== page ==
From the Daily Mail, an interesting piece about one woman’s strange addiction, with some wonderfully insightful glimpses of the understandable roots of such a state, which have a lot to say not just about the human desire for control in times where control has been lost, or that the pursuit of control leads to finding oneself controlled yet again, but also the utterly physical form in which coping with pain takes place and contorts us. Telling how the ‘visible effects of the invisible manifest themselves..’ (ht DM):


Adele Edwards, of Bradenton, Florida, has been eating the foam inside couch cushions for 21 years. She sought help when the cravings started getting out of control.

Miss Edwards, 31, said: ‘In the last year I’ve eaten seven sofas. I unzip the cushions and snack on the foam inside. And once I start I just can’t stop. But now doctors have told me that if I carry on, my addiction will kill me.’

Pica is a disorder found most commonly in toddlers and pregnant women who lack certain nutrients, causing them to crave non-nutritive substances like chalk, coins, batteries and even dirt. Sometimes it’s caused by stress, and Adele admits her first time happened during a very emotional period in her life, when her parents were on the brink of divorce.

She said: ‘My life was out of control at the time. I didn’t understand my parents breaking up. This was something I could control.’ When her cousin decided to chew a piece of sofa for fun, something in Adele’s head made her want to try too. She said: ‘I was 10 years old. I liked the flavour, I liked the way it felt in my mouth. Twenty-one years later, I’ve eaten couch cushions every day since.’ Today, Miss Edwards is trying therapy and hypnosis to rid herself of the compulsion.

She has recently been eating pieces of couch cushion 15 times per day and consumes the equivalent of a throw pillow each week. If this continues, doctors say Adele could die.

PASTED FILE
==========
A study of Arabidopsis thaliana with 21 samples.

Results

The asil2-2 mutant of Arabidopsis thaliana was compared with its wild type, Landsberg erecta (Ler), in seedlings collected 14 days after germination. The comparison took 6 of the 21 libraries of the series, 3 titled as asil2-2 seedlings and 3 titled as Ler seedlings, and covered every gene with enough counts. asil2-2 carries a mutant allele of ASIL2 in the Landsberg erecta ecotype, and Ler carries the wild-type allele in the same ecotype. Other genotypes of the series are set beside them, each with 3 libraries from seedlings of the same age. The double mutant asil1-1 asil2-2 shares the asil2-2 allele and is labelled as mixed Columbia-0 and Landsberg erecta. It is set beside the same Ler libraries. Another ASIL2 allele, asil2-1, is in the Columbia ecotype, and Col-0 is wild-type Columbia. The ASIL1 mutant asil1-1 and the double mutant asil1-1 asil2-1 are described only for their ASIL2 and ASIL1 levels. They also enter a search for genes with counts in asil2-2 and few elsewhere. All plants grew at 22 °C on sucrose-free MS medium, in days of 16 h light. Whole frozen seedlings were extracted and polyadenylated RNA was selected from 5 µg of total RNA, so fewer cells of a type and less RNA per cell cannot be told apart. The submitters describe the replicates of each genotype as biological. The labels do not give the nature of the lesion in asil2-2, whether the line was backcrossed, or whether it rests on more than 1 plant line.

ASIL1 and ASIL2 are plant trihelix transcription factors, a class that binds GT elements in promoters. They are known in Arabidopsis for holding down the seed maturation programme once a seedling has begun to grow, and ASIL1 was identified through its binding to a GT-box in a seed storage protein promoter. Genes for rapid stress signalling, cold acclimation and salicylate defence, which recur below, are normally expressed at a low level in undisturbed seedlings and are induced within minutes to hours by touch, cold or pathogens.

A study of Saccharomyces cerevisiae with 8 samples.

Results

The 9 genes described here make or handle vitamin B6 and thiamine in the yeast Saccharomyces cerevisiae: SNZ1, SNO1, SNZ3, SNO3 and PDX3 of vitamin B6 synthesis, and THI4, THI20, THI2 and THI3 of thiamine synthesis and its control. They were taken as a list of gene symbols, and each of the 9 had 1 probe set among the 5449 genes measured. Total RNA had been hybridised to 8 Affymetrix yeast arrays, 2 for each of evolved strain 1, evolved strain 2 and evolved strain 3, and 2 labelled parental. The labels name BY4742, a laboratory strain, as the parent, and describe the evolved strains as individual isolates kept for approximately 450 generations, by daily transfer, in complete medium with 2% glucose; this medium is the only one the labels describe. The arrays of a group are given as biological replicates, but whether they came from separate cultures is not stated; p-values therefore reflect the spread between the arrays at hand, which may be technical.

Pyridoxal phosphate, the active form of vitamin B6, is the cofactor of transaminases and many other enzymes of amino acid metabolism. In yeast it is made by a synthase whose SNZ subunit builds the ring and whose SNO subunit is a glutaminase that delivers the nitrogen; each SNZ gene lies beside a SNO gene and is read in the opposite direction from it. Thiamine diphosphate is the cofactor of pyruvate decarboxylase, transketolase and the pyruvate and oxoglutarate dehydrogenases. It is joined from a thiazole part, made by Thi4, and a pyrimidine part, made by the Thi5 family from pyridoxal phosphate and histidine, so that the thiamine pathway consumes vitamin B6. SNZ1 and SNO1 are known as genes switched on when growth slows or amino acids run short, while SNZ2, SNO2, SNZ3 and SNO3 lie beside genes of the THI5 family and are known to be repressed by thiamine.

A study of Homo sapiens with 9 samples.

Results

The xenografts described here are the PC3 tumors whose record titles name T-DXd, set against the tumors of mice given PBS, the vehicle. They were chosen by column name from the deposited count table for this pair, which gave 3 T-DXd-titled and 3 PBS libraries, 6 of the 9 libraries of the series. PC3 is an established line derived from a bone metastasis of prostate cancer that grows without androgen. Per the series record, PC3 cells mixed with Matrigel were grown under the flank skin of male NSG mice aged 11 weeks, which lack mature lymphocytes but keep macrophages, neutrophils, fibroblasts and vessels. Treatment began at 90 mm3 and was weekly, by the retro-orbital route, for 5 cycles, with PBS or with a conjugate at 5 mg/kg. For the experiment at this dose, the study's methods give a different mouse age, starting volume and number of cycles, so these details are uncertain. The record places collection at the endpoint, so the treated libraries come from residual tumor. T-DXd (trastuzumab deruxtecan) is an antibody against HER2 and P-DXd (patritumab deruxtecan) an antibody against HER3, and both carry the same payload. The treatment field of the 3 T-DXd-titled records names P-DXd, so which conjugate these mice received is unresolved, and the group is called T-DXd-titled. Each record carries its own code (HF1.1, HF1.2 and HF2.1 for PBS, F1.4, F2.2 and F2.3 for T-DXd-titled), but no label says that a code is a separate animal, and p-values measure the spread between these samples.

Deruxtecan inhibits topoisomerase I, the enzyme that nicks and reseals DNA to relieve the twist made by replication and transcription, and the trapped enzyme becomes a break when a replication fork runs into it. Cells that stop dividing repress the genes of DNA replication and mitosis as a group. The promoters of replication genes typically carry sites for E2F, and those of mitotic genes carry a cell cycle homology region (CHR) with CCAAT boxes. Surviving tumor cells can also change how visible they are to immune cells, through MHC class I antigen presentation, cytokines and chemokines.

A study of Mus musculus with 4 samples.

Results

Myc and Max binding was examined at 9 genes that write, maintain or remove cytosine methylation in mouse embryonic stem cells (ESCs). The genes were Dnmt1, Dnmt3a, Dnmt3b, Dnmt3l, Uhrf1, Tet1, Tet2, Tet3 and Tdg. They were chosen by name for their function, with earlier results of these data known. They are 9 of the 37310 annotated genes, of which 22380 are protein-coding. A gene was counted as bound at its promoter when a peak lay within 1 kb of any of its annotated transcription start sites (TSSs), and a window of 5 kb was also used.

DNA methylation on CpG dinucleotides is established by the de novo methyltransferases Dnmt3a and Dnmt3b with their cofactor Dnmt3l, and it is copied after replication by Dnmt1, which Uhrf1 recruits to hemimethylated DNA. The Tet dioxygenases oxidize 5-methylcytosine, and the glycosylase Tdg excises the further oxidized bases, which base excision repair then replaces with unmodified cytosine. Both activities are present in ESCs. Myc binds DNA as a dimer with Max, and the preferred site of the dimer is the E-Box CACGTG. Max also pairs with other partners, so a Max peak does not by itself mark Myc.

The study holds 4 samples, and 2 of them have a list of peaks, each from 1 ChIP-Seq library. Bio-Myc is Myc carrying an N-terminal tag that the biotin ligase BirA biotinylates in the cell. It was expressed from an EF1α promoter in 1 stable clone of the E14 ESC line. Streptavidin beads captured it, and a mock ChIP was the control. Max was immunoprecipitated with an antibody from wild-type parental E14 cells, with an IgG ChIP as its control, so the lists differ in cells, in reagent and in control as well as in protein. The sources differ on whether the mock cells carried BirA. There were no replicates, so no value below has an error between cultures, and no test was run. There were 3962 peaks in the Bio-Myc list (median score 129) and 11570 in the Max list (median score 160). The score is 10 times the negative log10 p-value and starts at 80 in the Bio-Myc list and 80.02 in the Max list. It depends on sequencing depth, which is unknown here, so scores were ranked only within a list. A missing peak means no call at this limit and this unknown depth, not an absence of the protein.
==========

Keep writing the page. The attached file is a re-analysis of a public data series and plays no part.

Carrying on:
Miss Edwards said: ‘It bothers me how much control it has over me now. It’s hard to try to get people to understand how bad this addiction is. I’m aware of the life risks. Doctors have told me I could get a stomach blockage so bad I’d go septic and my intestines could explode. That scares me.’

Like many addicts, Miss Edwards didn’t get hooked overnight. She started by chewing the cushion foam before spitting it out. But it wasn’t long until she began to swallow each small piece of cushion she put in her mouth. Today, Adele’s habit includes added levels of disgust. ‘I unzipper the cushion cover and tear off a piece about the size of half a pencil,’ she said. ‘Then I take it outside and rub it in dirt. The dirt makes it crunchier. Then I chew on it and swallow it.’

She and her family have recently moved into her sister’s home, where she faces a crossroads ahead. Having left her couches behind, Adele has stockpiled enough cushion to tide her over for a matter of weeks. But when her supply runs out, will she begin to eat her sister’s couch?

Miss Edwards, who is in discussions to enter a therapy center in California for people with similar strange addictions, believes this is the time for her to be serious about quitting. ‘I’ve been doing this almost my whole life, 21 years. It’s consumed me. It’s putting my life and family at risk. I’m trying to stop this.’